Real Relationship Advice
This week will focus on marriages. Specifically, we will be focusing on marriages that for some reason have decided to forego sex and/or intimacy. There is never a good excuse give up on sex and intimacy. When we stop doing that, we are really giving up on our partners and marriage. This week will be uncomfortable for some and a revelation for others. We promise, as always, to treat the subject with respect and maintain our commitment to the truth for the purpose of assisting our readers to create happy, fulfilled lives.
Recently I found myself in a discussion on whether a marriage can survive without sex. Sexless marriages are not a new idea. Many of our grandparents lived passionless life where the thought of identifying themselves as sexual beings was an anathema to their existence. Our understanding of the secondary effects of sex, baby making notwithstanding, was very limited before. In addition to the nonsensical theories of female sexuality, it is only recently that Psychology has acknowledged that sex has a vital role in adult lives other than procreation.
Sex is wonderful. The health and well-being benefits of sex are well documented. Merely having a partner that finds you sexy is a boost to our self-esteem. Having the ‘power’ to sexually satisfy your spouse is a source of pride. Being desired by someone you love makes you feel wanted and part of something bigger than yourself. These and many other reasons are why sex is an important part of any marriage.
When we get married it is with the express purpose of committing ourselves to our partners. For some of us, this commitment includes the possibility of creating a family. For others, the commitment is solely a public demonstration that they are joined together. They are a team. Regardless of how or why you made that commitment, most marriages start out with a certain level of lust. We marry someone that we desire sexually and take advantage of the commitment to enjoy carnal pleasures with our spouses. Statistically, newlyweds tend to have more sex than couples married for 5 or more years.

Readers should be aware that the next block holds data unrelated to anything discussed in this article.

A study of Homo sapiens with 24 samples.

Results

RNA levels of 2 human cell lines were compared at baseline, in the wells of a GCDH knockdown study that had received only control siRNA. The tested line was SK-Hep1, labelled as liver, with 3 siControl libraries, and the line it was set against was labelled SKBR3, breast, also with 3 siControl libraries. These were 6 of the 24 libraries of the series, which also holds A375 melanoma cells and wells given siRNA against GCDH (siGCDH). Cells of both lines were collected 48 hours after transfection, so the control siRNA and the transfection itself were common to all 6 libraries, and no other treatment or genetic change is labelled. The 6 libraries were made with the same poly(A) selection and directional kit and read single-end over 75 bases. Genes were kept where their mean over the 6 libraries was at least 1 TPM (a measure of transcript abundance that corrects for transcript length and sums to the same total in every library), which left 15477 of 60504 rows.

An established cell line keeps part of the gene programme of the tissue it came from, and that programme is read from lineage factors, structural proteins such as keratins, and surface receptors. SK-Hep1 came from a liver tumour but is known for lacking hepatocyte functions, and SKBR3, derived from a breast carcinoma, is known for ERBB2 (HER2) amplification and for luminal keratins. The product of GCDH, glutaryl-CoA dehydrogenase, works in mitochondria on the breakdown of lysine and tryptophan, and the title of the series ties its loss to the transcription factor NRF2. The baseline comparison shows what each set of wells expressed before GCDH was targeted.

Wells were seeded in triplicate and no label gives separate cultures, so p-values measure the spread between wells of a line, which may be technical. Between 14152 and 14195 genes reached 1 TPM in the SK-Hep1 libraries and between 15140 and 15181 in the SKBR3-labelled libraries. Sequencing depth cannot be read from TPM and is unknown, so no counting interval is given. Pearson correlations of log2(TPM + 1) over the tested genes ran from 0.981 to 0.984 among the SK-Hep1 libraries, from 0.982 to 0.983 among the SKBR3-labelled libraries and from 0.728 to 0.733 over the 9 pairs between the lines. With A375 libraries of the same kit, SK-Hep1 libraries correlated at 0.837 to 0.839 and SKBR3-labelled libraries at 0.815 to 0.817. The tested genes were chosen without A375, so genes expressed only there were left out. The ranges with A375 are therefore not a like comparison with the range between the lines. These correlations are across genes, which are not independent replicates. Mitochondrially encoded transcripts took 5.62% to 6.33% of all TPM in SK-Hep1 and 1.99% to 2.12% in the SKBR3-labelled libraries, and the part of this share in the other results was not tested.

Due to life, illness, pregnancy or other interferences, we tend to wane in our desire. Biology has a lot to do with it. Men lose testosterone as they get older and women, who require a certain amount of concentration to enjoy sex, find it much more difficult to muster the desire or mentality to have intercourse. Our sex life diminishes with time. Without our constant vigilance, a week becomes a month, a month becomes a year and one day we wake to find we are in a sexless marriage.
CoupleDumb speaks on this subject not only as relationship experts with over 20 years of experience working with couples but also as a married couple with over 23 years of marriage. Having a sexless marriage is a choice. Having a sexless marriage requires that the couple has decided that sex of any kind is out of the question. Having a sexless marriage is a decision to move from a marriage to being roommates who share a family and bank account.
Now, there are times when the libido is compromised whether through illness, stress or medications. This does not mean that sex is off the table. The compromised partner can still provide sexual stimulation to their spouse and believing that you cannot perform because you do not want to is tantamount to saying that you do not care about your partner’s needs. And, for those who offer the side effects of anti-depressants as an excuse for a sexless marriage, if you actually cared about your marriage you would ask your psychiatrist to reevaluate your meds and possibly even add talk therapy to your treatment. Depression creates a certain selfishness because you turn inward and focus solely on your own misery. This must be combatted with looking to extrinsic stimuli to pull you out of your ruminating funk. In other words, concentrating on being a good spouse and parent would help alleviate the harsh symptoms of depression.
So, if you hear someone ask if a marriage can survive without sex you can answer, sure but why would you ever want to.